I’m clearly not alone (because you’re here reading this) in thinking that this new embroidery movement, typified by the works that are showcased on this site, is awesome. I learnt embroidery way back in the dark ages: the mid eighties, when neon was king (in everything but stitching) and all was staid and proper and creativity was limited to the few designers who’d been picked up by big companies or magazines. Now, since an event that I’d like to dub the SSS (or Sublime Stitching Singularity), the stitch world has opened up with neo-Stitchers expressing whatever they feel like.
The motifs, subjects and ideas portrayed in stitch have exploded but one thing which I’ve found slightly disappointing is that the methods haven’t been challenged in the same way. It’s fantastic to produce cross stitch that make people think, or use a simple stitch to outline images that make people feel, but what I’m hoping to see soon happen is these neo-Stitchers pushing the actual techniques. To revitalize the art of the craft itself and make sure the details, the precision and the beauty that can be attained with thread don’t die out.
The aim of this monthly column is to help us all head a little in this direction, with ideas towards improving our technique. The only people who possibly don’t need any extra work in this regard are graduates of the Royal School of Needlework (although I suspect they may admit to certain individual areas they consider themselves not as strong in. You know, if you ask them quietly and promise not to tell). We all have things we’re good at and things we suck at and, generally speaking, we should be working to reduce the suck. A large amount of my personal suck has wound up in the bin, so I’m hoping to gradually improve my suck:awesome ratio.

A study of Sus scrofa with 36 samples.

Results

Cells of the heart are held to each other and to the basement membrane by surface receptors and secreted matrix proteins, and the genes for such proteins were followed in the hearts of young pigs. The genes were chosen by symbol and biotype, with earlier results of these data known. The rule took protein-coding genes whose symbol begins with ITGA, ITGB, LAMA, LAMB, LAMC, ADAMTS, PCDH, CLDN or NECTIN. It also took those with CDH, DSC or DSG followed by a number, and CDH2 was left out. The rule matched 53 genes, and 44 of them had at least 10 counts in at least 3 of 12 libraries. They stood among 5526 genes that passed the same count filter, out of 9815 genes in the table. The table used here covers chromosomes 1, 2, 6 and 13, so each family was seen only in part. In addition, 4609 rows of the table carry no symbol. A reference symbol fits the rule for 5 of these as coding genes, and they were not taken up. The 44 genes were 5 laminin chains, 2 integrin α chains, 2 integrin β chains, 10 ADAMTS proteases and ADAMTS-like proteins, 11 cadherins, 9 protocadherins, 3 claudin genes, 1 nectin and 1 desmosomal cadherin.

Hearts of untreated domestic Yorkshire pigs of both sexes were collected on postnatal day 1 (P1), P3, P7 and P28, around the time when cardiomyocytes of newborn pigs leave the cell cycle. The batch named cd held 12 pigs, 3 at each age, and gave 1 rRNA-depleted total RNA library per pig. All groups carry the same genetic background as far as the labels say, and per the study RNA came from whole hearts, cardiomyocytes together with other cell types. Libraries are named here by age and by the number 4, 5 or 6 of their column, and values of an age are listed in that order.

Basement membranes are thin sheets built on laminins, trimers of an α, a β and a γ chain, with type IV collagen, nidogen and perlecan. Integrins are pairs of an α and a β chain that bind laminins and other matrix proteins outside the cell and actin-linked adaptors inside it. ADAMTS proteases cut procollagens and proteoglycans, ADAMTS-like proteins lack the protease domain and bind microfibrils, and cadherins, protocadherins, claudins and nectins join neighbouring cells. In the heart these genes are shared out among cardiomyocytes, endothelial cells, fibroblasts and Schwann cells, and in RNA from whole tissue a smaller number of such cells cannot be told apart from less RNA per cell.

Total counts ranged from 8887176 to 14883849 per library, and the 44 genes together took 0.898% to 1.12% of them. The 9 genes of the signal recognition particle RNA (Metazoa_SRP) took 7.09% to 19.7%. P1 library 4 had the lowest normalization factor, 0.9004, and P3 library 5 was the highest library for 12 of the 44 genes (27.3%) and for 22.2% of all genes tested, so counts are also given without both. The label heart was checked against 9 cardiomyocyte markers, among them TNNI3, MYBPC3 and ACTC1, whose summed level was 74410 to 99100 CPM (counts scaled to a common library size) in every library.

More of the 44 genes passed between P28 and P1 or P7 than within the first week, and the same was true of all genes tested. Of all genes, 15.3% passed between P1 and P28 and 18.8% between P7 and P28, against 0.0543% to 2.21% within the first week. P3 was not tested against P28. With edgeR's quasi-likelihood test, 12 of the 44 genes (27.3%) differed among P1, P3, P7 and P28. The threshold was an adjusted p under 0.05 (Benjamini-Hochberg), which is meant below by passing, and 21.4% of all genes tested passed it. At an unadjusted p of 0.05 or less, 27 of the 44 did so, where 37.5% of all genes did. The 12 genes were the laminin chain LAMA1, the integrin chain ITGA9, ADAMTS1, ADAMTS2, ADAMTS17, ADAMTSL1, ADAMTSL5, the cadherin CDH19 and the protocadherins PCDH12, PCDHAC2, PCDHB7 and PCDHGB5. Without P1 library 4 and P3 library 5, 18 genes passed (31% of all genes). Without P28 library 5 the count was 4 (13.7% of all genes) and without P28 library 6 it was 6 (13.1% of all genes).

The easy answer is that becoming better at the craft will make you better at the art. I visited the Picasso museum in Barcelona last year and the old adage is true – he was a master craftsmen who learnt all the ropes before he could begin working out which ones to cut through. Perfecting your stitching means that the next time you are aiming for a particular result you’ll know exactly how to get it and to be able do it reliably and quickly. Secondly, already knowing a variety of techniques means you have to tools on hand to get the ideas for interesting pieces. Had I not known the couching techniques of goldwork, I never would have come up with the idea of the string nue portrait below.
There are a couple of levels we’ll be looking at – the meta level of techniques such as cross stitch, crewel, blackwork etc that Penny Nickels covers in her Needle Exchange posts; and the micro level of the stitch itself. At this level there are so many small things that can be done which dramatically improve the quality of your work. I’ll be getting into specifics in coming posts, but if you just start out being a bit more exact in each stitch placement and getting the threads to lie untwisted and you’ll see instant improvement.
This is probably the simplest thing of all and can be summarized into Read Shit, Ask People and Do It. Books, blogs and chat forums are all sources of information. Let’s face it, embroidery isn’t rocket science and even THAT can be learnt from books. If things are still unclear you can ask – YouTube videos abound – or find a more advanced stitcher. There’s some form of Embroiderers Guild in many countries (eg. UK, USA, Australia, New Zealand, Germany), so check out yours. Or (one of my favourites) sign up to do a a short course locally, either with a stitcher, a shop or at a needlework show.
Finally, none of this works unless you do it. The smallest things lead to big improvements in the quality of your work and I hope that over the coming year we can see just how good we can get.
Jacinta Lodge is the embroiderer behind Stitchalicious, and purveyor of graffiti cross stitch patterns via StitchaliciousDesign. Her embroidered artworks have been shown in exhibitions in Germany, the UK and Canada and published in The Anticraft and Indie Craft. Jacinta is Australian, but lives in Berlin, Germany, where she does roller derby and listens to her husband hark on and on about VW buses.